Photo by Christine Kronz Photography, courtesy of Wyoming Liberty Group.

Cheyenne Attorney Boyd Wiggam said Thursday if he is elected to the Laramie County Commission, he will focus on helping the county deal with continued growth and making sure county government's core functions are the priority.

Wiggam, who is a Republican, said he thinks Laramie County may surpass 100,000 in population in the next census in 2020. He said that population threshold will bring some opportunities, but will also "put some pressure on growth and development. I spent two years in graduate school putting my money where my mouth was, putting some skin in the game, to learn how to prepare for growth."

He went on to say that while he thinks the current county commission 'has some really good people, some thoughtful people some sharp people, I think I have something to offer." Wiggam, who formerly worked for the Wyoming Liberty Group, said he that while he generally favors small government, the government still needs to be big enough to manage its core functions. He said those functions include such things as health, safety, welfare and protecting private property.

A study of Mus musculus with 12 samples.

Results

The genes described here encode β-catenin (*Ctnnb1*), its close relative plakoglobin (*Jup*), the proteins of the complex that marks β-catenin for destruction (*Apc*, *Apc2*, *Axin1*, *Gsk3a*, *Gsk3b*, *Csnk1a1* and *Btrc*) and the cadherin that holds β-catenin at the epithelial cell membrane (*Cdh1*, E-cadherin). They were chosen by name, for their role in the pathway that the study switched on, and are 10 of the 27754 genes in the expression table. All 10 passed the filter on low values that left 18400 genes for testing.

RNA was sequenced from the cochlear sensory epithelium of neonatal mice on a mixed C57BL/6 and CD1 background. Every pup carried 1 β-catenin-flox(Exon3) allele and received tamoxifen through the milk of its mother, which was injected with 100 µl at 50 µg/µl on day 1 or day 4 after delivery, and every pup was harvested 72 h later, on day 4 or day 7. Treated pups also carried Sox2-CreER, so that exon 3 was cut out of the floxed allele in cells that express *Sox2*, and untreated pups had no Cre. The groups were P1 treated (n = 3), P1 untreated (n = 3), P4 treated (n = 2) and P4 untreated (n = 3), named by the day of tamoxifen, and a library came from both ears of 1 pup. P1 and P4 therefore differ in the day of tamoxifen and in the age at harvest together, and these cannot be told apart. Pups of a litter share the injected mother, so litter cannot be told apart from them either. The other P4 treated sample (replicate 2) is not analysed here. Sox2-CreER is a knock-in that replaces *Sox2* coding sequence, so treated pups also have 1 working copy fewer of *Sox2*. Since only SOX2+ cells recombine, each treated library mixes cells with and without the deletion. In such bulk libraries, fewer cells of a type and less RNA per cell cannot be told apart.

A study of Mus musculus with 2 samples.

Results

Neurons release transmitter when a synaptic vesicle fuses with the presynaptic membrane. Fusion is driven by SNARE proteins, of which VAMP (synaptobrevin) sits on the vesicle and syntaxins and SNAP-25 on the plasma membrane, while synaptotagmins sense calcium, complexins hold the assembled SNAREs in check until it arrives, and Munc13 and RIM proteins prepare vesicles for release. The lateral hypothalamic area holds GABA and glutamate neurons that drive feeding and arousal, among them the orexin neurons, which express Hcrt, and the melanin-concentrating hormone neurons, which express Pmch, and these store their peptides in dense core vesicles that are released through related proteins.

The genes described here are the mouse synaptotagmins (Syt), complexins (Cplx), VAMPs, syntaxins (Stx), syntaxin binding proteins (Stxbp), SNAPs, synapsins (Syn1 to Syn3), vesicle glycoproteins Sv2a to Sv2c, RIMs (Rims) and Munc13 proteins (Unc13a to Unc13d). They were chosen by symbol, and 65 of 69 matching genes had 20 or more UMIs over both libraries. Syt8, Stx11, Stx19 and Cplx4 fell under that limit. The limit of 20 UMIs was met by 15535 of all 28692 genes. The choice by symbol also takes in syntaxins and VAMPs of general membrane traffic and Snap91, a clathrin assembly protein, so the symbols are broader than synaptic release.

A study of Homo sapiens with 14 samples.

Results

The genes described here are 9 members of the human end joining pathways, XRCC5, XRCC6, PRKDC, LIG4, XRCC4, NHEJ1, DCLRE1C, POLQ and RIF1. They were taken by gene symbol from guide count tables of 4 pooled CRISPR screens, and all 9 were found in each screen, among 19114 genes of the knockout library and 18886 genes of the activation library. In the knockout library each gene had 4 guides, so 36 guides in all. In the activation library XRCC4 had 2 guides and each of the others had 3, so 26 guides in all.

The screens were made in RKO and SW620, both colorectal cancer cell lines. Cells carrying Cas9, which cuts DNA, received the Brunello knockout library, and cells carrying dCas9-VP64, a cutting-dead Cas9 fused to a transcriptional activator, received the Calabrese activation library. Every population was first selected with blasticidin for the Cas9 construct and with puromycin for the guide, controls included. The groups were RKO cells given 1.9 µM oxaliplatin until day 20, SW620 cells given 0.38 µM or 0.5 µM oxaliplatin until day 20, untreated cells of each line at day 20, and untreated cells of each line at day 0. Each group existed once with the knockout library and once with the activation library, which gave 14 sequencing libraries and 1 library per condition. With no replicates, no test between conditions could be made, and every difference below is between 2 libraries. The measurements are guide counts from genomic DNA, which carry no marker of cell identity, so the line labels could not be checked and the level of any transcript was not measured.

Wiggam said for a county government the focus needs to be on such things as managing rural roadways and having enough sheriff's deputies "to provide the level of emergency and safety services that we expect of our county."

He also pointed out the fact that Laramie County is larger than some states on the eastern seaboard, making those duties more difficult.

As an example of a high priority item, Wiggam cited the need for adequate law enforcement in eastern Laramie County. He said things like aesthetic regulation, that might come into play in a more urban environment, are less of a priority for county government.

Wiggam is a third-generation Laramie County resident. He studied Community and Regional Planning with an emphasis on Economic Development Planning in graduate school at the University of Nebraska-Lincoln. He earned a law degree from the College of William and Mary in 2005.

He is currently an attorney in private practice in Cheyenne.